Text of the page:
So I had an idea about a particular kind of story that gets told in space opera, and discovered Neil Gaiman had independently had the same idea, only three years earlier and talking about Doctor Who. It happens to the best of us, doesn’t it?
My version first: I was re-reading Dan Simmons’s Hyperion sequence, Hyperion (1989), The Fall of Hyperion (1990), Endymion (1996), and The Rise of Endymion (1997). The first two volumes take place in a human-dominated muti-planet “Hegemony” linked by “farcaster” matter transmitters. The first volume assembles a group of pilgrims to go to the mysterious planet Hyperion; on the way, they each tell the story of their links to Hyperion. It’s a device that explicitly acknowledges Chaucer’s The Canterbury Tales as a model. But each story is told in very different registers and generic venues – so the Soldier’s Tale is straight-down-the-line action sf, the Priest’s Tale is religious horror, the Detective’s Tale is cyberpunkish-noir. The difference between them in setting and approach is certainly much greater than Chaucer had available to him, unless there’s a lost sequel in which he talked about aliens. So my basic thought was this: one of the things a space opera setting does is to create a venue in which you can tell stories in these very different registers. I found myself calling it an Interstate story, because I ended up visualising the universe of Hyperion as something like the USA: a set of discrete generic venues (planets) linked by the highways of the farcaster network. The later books in the series play further with this, so that books 3 & 4 take the protagonists on a river trip through, again, a whole range of worlds. I had the same feeling in another, very different, space opera context: one of the few effective moments in the Star Wars prequel trilogy. When Palpatine, in the third film, orders his clone troops to destroy the Jedi they’re with, we see a whole range of previously unglimpsed worlds in rapid succession: suddenly, the scale of the story becomes apparent from the range of venues it’s happening in.
Now, Neil’s version, from an introduction he wrote in 2003 to a Paul McAuley Doctor Who novella. He’s talking about the effect watching Doctor Who had on him as a child:
But the greatest damage was still to come.
It’s this: the shape of reality – the way I perceive the world – exists only because of Dr Who. Specifically, from The War Games in 1969, the multipart series that was to be Patrick Troughton’s swan song [playing the Doctor].
This is what remains to me of The War Games as I look back on it, over three decades after I saw it: The Doctor and his assistants find themselves in a place where armies fight: an interminable World War One battlefield, in which armies from the whole of time have been stolen from their original spatio-temporal location and made to fight each other. Strange mists divide the armies and the time zones. Travel between the time zones is possible, using a white, boxlike structure approximately the same size and shape as a smallish lift, or, even more prosaically, a public toilet: you get in in 1970, you come out in Troy or Mons or Waterloo. Only you don’t come out in Waterloo, as you’re really on an eternal plane, and behind it all or beyond it all is an evil genius who has taken the armies, placed them here, and is using the white boxes to move guards and agents from place to place, through the mists of time.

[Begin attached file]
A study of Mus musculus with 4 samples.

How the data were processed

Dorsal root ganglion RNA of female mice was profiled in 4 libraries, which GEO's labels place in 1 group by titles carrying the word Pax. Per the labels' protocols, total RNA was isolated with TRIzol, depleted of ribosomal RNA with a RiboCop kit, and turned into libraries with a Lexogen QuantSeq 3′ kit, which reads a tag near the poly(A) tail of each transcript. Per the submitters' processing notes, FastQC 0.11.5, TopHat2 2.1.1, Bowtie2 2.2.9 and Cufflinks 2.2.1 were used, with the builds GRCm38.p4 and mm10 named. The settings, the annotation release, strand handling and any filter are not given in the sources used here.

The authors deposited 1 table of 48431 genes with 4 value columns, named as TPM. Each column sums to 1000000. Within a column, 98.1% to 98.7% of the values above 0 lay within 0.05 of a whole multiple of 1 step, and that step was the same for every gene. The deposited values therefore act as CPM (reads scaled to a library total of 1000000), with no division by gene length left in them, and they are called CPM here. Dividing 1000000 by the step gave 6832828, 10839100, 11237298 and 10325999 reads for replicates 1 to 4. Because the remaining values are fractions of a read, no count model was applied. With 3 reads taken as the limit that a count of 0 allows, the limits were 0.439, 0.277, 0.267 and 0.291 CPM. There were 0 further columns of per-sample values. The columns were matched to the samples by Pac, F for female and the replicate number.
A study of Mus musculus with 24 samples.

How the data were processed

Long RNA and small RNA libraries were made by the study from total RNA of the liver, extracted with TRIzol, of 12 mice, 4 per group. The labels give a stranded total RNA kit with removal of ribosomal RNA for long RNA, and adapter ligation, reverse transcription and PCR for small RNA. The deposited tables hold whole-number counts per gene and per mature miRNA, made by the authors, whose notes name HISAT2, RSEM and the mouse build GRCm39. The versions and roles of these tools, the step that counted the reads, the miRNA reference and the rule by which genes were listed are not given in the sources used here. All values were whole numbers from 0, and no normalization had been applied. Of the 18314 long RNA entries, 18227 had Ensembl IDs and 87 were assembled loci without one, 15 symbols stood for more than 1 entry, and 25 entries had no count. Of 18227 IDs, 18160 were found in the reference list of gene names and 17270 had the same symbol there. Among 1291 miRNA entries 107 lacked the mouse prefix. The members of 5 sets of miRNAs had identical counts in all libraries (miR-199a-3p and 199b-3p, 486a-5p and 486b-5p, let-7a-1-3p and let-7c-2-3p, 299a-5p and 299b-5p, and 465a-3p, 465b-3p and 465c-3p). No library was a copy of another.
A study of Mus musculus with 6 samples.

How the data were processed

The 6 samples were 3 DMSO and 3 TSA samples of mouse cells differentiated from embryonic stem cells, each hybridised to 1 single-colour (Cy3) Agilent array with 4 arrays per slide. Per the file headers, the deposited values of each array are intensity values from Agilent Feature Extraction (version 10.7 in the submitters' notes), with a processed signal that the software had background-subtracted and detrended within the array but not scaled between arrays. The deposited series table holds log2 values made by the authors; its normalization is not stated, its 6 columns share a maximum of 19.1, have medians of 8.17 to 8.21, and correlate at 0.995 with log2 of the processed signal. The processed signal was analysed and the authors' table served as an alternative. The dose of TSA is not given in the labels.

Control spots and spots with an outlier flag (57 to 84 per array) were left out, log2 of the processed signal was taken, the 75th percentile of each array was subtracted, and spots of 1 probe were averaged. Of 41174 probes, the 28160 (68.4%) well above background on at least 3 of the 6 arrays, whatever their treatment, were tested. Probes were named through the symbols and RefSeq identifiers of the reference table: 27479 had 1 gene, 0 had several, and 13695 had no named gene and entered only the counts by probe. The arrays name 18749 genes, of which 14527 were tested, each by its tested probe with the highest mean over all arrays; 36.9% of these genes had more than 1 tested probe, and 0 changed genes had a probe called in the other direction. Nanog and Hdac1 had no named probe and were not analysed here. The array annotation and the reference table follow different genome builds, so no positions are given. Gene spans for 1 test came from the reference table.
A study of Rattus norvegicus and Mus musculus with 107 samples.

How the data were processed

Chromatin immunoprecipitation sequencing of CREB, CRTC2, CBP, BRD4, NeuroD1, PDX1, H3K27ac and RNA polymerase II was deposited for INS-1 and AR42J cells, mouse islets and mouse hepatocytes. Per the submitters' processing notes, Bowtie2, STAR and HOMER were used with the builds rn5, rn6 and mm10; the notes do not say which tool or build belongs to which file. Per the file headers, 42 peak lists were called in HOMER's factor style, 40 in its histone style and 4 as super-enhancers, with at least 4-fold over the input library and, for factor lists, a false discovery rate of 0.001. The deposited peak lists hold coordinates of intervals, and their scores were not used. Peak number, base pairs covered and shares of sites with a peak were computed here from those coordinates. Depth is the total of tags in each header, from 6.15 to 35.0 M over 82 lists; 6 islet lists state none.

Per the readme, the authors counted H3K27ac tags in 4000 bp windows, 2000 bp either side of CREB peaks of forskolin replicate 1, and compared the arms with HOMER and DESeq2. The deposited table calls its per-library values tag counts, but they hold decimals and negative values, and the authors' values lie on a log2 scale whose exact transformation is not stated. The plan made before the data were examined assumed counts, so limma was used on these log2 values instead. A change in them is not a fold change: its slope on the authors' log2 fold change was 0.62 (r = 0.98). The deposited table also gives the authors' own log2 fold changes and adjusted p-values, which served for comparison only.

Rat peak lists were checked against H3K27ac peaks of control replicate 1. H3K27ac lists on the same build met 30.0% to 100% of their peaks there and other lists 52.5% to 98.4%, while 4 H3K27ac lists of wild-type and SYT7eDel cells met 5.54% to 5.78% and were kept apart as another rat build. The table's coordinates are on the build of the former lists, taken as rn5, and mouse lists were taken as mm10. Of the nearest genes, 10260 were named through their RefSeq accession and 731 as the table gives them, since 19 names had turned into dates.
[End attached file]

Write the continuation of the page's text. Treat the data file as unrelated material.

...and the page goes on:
The boxes were called SIDRATs. Even at the age of eight I figured that one out.
It would, I have no doubt at all, be a bad thing for me to try and go back and watch The War Games now. It’s too late anyway; the damage has been done. It redefined reality. The virus was now solidly in place.
These days, as a middle-aged and respectable author, I still feel a sense of indeterminate but infinite possibility on entering a lift, particularly a small one with white walls. That to date the doors that have opened have always done so in the same time, and world, and even the same building in which I started out seems merely fortuitous – evidence only of a lack of imagination on the part of the rest of the universe.
Now, “The War Games” is a bit of a sprawling mess, at 10 x 25-minute episodes at least an hour too long, and was the result of a horrendous production crisis with other scripts dropping out at the last minute. But Neil is surely right about the appeal of these different zones bumping up against each other – we even get shown a map of the different zones, just like a map of the different states. And he’s also right about the appeal of the portal to another world, a SIDRAT, appearing in the middle of an otherwise mundane setting and providing a gateway out of it. The SIDRAT is more than just, say, C S Lewis’s wardrobe: because it looks different to its setting, yet anonymous and standardised, it sends a visible signal that there’s something odd here.
So I’d suggest that what I’ve called interstate stories – whether they happen in space opera or elsewhere – fulfil the following criteria:
- A venue composed of several sub-regions, each with distinct characteristics, often mapping onto distinct subgenres.
- Some easily visualisable means of moving between them – and a story which makes use of this, for instance by a chase through the various areas.
- Often, the author having fun with the idea of different zones or worlds colliding – so, in “The War Games”, the Doctor puts together a resistance army comprised of soldiers from many different time-periods.
Philip Jose Farmer’s Riverworld series probably meets these criteria – and, like the Endymion books, it uses a river as the way through the worlds. I suppose the last thing to say is that this kind of story is one that can only get written late in the life of a genre, because it presumes knowledge of all the different subgenres it uses. So… is this notion of “interstate stories” useful? What other sf stories fit this bill?